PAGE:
Why a Promise to Appoint Constructionist Judges is Not Enough
By Leon H Wolf Posted in 2008 — Comments (24) / Email this page » / Leave a comment »
Needless to say, it is too early to call a "frontrunner" for the Republican nomination in 2008, but virtually every self-selecting poll that has been conducted thus far has given handy leads to either former New York City mayor Rudy Giuliani, or (when included) Secretary of State Condolezza Rice. Conventional wisdom (which I believe, in this case) says that Rice will not run - it is almost certain that Rudy will. Evidence of Rudy's momentum abounds; I recently had an email exchange with a fellow conservative, who relayed the substance of a conversation he just had with a "self-described social conservative, pro-life, pro-marriage, etc":
She loves Rudy. She thinks Rudy will govern as a conservative. She is seized with the idea that Rudy was a staunch conservative during his mayorship of NYC. She believes that Rudy will become a social conservative during the course of his 2008 campaign. She is utterly unconcerned with Rudy's pro-gay, pro-abortion politics -- which he has espoused through his past QUARTER-CENTURY OF PUBLIC LIFE -- because Rudy is "inspiring" and "will keep America safe."
She likes Rudy despite his being pro-abortion.
But she dislikes Brownback because he's "bad on immigration."
The healing salve that is commonly offered to social conservatives concerned about Rudy's position on a number of issues - abortion in particular - is that Rudy will inevitably promise on the campaign trail to appoint "strict constructionists" to the bench, and any strict constructionist worth his salt would vote to overturn Roe v. Wade, so isn't that enough?
May I submit that it is not, for the following reasons...
In the first place, the record of Presidents who have made a similar commitment to appoint constructionist judges in the absence of a personal commitment to the pro-life cause has not been stellar. However, assuming arguendo that Rudy could be trusted to appoint Emilio Garza to replace Justice Stevens, and Roe fell, that would not by any means be the end of that particular story. Immediately into Congress would come a bill, sponsored by the Democrats, to write the basic tenets of Roe and Casey into codebooks. It is important to understand the political calculus behind this move.
The vast majority of the public does not support what Roe and its progeny stand for, as I have demonstrated here. However, due to a concentrated disinformation campaign about the true meaning of Roe, they have hoodwinked into thinking that they do. Therefore, it is likely that in the lull between when the decision is overturned, and the actual effect of it all settles in, the Democrats will seek immediately to capitalize on the issue. The pressure NARAL, et al will bring to bear will be enormous. At the Congress is currently constituted, I estimate that some measure or another (at least protecting abortion in the first three months absolutely) will likely pass.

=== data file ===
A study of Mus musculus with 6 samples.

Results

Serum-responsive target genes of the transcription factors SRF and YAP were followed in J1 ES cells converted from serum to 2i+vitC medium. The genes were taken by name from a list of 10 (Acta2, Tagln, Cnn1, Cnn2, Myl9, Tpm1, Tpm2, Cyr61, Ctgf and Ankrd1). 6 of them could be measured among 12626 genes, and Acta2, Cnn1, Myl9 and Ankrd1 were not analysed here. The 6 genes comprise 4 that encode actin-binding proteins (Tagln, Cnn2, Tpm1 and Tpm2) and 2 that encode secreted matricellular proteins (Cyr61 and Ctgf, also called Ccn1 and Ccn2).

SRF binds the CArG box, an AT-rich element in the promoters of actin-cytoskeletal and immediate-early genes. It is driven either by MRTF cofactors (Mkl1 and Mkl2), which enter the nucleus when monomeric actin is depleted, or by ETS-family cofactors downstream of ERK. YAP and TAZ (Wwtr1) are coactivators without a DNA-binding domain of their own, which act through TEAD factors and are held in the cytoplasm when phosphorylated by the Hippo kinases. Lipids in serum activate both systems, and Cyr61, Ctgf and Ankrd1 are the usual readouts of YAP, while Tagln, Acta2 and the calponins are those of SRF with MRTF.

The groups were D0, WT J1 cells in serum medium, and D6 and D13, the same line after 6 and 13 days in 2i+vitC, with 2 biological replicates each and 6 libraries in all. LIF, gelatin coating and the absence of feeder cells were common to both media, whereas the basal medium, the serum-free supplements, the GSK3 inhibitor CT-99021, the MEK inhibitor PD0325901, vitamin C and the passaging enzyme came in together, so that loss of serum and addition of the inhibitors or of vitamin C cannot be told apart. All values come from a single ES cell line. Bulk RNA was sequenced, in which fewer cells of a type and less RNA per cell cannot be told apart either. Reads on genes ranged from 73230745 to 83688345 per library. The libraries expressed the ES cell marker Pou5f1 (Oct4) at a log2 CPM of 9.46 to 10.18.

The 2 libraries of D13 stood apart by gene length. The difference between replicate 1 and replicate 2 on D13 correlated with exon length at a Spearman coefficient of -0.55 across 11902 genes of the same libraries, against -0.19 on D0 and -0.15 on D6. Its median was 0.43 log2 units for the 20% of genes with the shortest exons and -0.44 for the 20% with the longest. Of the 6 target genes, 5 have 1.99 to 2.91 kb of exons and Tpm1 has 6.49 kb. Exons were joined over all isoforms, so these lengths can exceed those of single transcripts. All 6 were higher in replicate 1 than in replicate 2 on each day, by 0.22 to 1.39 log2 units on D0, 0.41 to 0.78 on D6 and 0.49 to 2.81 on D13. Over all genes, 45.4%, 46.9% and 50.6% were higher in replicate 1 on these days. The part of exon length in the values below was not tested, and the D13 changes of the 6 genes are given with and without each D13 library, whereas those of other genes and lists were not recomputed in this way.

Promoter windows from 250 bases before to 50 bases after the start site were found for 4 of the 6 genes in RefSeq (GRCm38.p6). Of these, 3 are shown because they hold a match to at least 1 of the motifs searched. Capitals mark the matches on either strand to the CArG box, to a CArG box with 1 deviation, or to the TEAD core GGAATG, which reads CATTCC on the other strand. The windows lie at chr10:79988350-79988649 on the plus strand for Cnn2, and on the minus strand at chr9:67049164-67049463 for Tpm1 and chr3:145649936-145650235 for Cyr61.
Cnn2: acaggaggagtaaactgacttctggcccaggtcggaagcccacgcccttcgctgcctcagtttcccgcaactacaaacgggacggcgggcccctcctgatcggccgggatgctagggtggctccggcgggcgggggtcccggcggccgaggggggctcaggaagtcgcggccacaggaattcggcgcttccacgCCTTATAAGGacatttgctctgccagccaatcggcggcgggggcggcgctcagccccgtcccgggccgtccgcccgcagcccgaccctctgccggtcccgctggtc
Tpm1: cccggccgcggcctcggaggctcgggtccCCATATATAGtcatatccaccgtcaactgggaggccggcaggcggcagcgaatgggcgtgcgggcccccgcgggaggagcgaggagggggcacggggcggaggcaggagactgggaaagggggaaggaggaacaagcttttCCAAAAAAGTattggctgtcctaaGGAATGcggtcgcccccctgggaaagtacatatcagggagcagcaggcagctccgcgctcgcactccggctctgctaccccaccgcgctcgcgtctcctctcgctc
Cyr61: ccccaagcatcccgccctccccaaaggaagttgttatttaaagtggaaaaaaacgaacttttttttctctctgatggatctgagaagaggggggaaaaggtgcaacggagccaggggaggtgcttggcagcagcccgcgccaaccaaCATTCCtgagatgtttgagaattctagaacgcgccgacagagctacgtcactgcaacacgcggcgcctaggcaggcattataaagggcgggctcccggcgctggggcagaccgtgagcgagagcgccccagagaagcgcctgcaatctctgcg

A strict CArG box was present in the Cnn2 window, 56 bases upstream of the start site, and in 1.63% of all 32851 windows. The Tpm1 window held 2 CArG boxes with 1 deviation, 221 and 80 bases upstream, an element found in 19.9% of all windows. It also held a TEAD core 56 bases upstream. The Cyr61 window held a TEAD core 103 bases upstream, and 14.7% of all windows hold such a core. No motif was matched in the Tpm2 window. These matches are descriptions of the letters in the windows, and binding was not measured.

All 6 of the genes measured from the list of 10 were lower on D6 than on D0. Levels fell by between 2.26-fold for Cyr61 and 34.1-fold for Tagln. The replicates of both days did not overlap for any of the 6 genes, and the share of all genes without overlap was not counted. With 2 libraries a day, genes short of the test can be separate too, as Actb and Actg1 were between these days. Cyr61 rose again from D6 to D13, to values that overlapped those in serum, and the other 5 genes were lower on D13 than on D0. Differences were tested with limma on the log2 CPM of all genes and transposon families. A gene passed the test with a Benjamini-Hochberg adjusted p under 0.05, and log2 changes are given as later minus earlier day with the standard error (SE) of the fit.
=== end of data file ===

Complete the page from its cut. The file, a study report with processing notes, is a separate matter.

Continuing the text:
The reason for this is simple: while it is simple for most of the Republicans in Congress to state pro-life positions when no significant votes are coming down the pipe, well under half of them have the personal commitment to pro-life principles that would allow them to withstand tremendous pressure from a coordinated campaign from the voters back home. Republicans in Northeastern states and Western states will be under a particular kind of pressure. Bottom line, a pro-abortion measure gets through the Congress in short order, especially if the Congress is under Democratic control, or smaller Republican margins.
What is needed, at that point, is a President with the personal pro-life convictions, and the long-range foresight to have the willingness to veto such a bill, and the strength to realize that things are going to be okay in the long-term. Bottom line: Rudy is not that candidate, and neither is Condolezza. It would be a cold comfort indeed for pro-lifers to support a candidate like Rudy based on a promise to appoint constructionist judges, only to have the legislative equivalent of Roe, which might leave the pro-life cause for dead as an issue, as it is in England.
It's too early to call anything for Rudy, or even to call him a frontrunner - but social conservatives need to wake up to the reality that everything will not be okay in a Rudy presidency, election-year platitudes aside. Let's nip this momentum in the bud, while we still have a chance.